NAU has been awarded a grant to increase educational collaborations between students in North and South America as part of the university’s Global Science and Engineering Program. The $25,000 award from 100,000 Strong in the Americas, an organization created to facilitate the international educational exchange of 100,000 young people, will be supplemented by funding from NAU’s Center for International Education and the School of Earth Sciences and Environmental Sustainability.

The Geology and Policy: Energy Resources in the Americas, Now and In the Future project will begin this fall with a field course studying and touring energy sites in Arizona and New Mexico. Participants will do a similar field course in Argentina the following spring.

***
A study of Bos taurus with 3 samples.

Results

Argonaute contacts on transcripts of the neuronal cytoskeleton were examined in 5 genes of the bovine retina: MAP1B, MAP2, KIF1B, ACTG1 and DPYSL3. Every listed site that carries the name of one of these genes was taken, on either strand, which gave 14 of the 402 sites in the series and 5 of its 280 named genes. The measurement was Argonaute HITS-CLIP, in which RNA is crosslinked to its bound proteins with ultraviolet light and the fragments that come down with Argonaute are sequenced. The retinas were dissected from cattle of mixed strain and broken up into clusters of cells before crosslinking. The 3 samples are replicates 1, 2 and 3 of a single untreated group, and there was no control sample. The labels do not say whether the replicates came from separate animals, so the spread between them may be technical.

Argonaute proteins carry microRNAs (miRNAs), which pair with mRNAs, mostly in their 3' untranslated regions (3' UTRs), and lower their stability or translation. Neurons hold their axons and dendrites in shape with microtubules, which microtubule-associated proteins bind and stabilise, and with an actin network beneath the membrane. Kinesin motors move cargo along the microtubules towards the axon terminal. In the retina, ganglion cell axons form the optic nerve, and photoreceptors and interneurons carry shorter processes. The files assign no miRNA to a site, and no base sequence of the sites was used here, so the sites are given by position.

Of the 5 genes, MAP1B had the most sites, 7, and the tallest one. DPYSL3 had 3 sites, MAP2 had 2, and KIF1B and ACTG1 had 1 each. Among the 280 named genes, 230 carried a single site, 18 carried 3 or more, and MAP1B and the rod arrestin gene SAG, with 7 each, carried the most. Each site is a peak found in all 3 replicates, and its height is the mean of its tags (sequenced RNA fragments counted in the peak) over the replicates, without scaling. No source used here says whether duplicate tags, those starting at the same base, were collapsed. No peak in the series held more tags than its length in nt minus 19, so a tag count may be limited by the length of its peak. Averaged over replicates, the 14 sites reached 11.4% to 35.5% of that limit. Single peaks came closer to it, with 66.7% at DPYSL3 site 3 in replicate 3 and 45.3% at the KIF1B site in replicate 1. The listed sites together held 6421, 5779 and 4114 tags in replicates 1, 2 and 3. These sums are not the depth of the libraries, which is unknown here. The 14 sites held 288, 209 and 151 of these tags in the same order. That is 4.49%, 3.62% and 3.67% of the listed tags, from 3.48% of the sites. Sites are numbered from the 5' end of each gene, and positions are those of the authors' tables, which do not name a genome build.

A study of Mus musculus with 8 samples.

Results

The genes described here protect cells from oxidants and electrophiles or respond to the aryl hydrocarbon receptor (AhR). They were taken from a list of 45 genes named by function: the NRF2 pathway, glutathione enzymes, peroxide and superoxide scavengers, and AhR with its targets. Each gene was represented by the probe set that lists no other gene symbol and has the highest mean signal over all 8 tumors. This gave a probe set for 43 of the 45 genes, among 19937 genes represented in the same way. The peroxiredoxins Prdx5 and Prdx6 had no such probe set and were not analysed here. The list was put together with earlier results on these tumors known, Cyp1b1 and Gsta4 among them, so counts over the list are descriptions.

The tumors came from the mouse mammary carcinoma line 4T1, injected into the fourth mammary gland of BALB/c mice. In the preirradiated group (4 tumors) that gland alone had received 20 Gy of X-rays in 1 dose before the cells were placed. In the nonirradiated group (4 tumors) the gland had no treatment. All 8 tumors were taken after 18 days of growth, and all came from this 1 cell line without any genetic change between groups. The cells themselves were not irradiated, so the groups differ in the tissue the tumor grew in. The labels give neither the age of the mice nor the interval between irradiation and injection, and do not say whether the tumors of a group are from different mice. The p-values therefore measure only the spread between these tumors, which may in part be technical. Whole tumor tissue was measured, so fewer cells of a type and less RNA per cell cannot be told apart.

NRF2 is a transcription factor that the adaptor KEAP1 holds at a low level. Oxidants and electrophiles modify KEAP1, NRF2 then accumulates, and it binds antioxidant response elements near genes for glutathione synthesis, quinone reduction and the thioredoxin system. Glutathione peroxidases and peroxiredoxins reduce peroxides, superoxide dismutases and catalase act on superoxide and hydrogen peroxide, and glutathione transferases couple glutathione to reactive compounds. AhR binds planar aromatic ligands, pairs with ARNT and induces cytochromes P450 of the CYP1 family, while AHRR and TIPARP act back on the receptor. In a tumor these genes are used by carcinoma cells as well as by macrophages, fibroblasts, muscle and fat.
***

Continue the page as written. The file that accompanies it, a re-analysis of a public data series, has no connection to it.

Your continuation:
A group of four NAU students and faculty members Michael Ort and Erik Nielsen is partnering with a group of peers from Argentina’s Universidad Nacional de Tucuman. The Geology and Policy project will create the first direct bilateral exchange with a university in Argentina and the initial field course is expected to facilitate a sustained flow of student exchanges between institutions.

The Geology and Policy project will examine multiple traditional and renewable energy sources and provide networking opportunities and research collaborations between countries. “We hope that beginning a bilateral exchange in Argentina based on geology and energy policy will have implications for powering our nations into the future,” said Melissa Armstrong, project leader and associate director for the Global Science and Engineering Program, which is housed within the Center for International Education.

Students in NAU’s five-year undergraduate Global Science and Engineering Program have foreign language requirements and participate in study abroad opportunities.